Climate Change in Herefordshire

If, like us, you have a keen interest in nature, weather and gardening, then you will also be curious about the longer-term changes in climate both locally and globally. Climate (temperature, precipitation, humidity, wind, atmospheric pressure) is a major factor in deciding the local flora and fauna, normal and extreme weather conditions, which food crops will grow reliably and even the local infrastructure (e.g. the effects of sea level rise/fall).

Climate change and global warming (which is just one particular aspect of climate change that we are currently experiencing) is not a contentious issue within the scientific community. The mechanisms and causes of climate change were agreed decades ago. [Spoiler Alert!!! At the moment, it is mainly humans increasing atmospheric carbon dioxide concentrations through fossil fuel combustion and land management changes such as deforestation].

In the physical sciences, there is no such thing as 'proof' or 100% certainty, just laws and theories that present our best explanation of how 'stuff' works in the natural world. The scientific consensus on climate change arises from the consilience (or convergence) of evidence and ideas from many different sources and inputs.

As an interesting project I thought I would analyse local weather data in terms of climatic changes. The nearest Met Office weather station with historical data is Ross-on-Wye with monthly weather parameters from 1931 to 2020. I downloaded this into Google Sheets and performed a simple linear regression analysis.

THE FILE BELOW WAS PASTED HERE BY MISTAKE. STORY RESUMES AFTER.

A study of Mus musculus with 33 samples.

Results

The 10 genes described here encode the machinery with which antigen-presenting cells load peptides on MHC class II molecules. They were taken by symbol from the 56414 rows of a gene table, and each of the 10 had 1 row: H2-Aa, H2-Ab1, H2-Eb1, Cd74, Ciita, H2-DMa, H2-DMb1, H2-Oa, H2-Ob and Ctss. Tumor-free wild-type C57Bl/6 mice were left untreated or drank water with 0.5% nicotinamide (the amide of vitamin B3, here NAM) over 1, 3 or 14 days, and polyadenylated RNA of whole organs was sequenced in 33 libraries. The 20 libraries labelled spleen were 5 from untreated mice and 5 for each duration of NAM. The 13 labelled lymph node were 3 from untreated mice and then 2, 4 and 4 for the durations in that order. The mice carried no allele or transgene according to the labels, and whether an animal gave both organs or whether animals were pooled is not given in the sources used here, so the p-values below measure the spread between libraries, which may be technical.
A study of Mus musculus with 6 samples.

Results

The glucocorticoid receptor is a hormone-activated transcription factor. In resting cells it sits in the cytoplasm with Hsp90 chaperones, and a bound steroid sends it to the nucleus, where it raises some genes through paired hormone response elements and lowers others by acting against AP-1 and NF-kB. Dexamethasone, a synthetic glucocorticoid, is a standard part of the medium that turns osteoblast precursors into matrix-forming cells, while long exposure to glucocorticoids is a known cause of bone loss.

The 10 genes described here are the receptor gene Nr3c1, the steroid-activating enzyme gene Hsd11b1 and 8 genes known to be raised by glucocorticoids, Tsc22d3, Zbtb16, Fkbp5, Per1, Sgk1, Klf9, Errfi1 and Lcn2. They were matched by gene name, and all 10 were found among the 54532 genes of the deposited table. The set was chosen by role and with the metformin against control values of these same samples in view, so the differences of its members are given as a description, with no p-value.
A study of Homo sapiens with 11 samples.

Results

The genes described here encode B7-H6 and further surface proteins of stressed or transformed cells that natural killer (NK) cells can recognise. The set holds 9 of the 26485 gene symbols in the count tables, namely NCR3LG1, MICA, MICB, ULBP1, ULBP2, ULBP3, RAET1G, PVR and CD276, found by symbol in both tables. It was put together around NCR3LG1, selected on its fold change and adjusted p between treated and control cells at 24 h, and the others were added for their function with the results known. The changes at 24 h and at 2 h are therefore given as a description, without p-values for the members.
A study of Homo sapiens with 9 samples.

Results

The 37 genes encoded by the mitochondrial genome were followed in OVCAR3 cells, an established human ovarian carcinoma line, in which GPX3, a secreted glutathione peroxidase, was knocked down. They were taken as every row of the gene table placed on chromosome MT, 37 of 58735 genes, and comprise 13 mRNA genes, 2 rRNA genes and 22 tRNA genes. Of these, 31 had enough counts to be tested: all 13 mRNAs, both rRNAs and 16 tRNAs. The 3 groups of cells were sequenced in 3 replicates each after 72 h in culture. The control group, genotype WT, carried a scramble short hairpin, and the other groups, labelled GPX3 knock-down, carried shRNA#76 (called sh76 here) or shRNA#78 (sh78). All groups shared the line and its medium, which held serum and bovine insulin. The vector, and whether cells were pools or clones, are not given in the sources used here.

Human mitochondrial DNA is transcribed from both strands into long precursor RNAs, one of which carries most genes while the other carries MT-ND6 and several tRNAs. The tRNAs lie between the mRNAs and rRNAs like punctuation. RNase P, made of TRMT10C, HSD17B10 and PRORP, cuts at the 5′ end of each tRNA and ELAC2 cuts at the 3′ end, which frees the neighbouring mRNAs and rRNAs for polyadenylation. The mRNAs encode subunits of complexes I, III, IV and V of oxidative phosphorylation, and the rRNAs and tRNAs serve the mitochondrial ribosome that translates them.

Climate, global warming, linear regression

In climate science, temperature trends are usually shown with temperature anomalies rather than absolute temperatures. For a single weather station this is not necessary. However, for completeness I have included the plot below using a 30-year baseline (1931-1960) to calculate anomalies.

climate change, global warming
There is considerable scatter in the plots, as you would expect from a single weather station, but still clear evidence of a warming trend. The best fit regression line indicates a warming trend of about 1.65 ℃ per century (or 1.47 ℃ over the period 1931 to 2020). According to NOAA, land global temperatures have increased by 1.60 ℃ over this same 89-year period.

Another way at looking at the warming trend is to plot decadal temperature changes as shown in the plot below. Global temperature reconstructions show additional warming in the 1940s (although with significant regional variations in the amount of warming) as does the data from Ross-on-Wye.

Climate change, global warming


I will be taking a closer look at more weather data from Ross-on-Wye in later blogposts.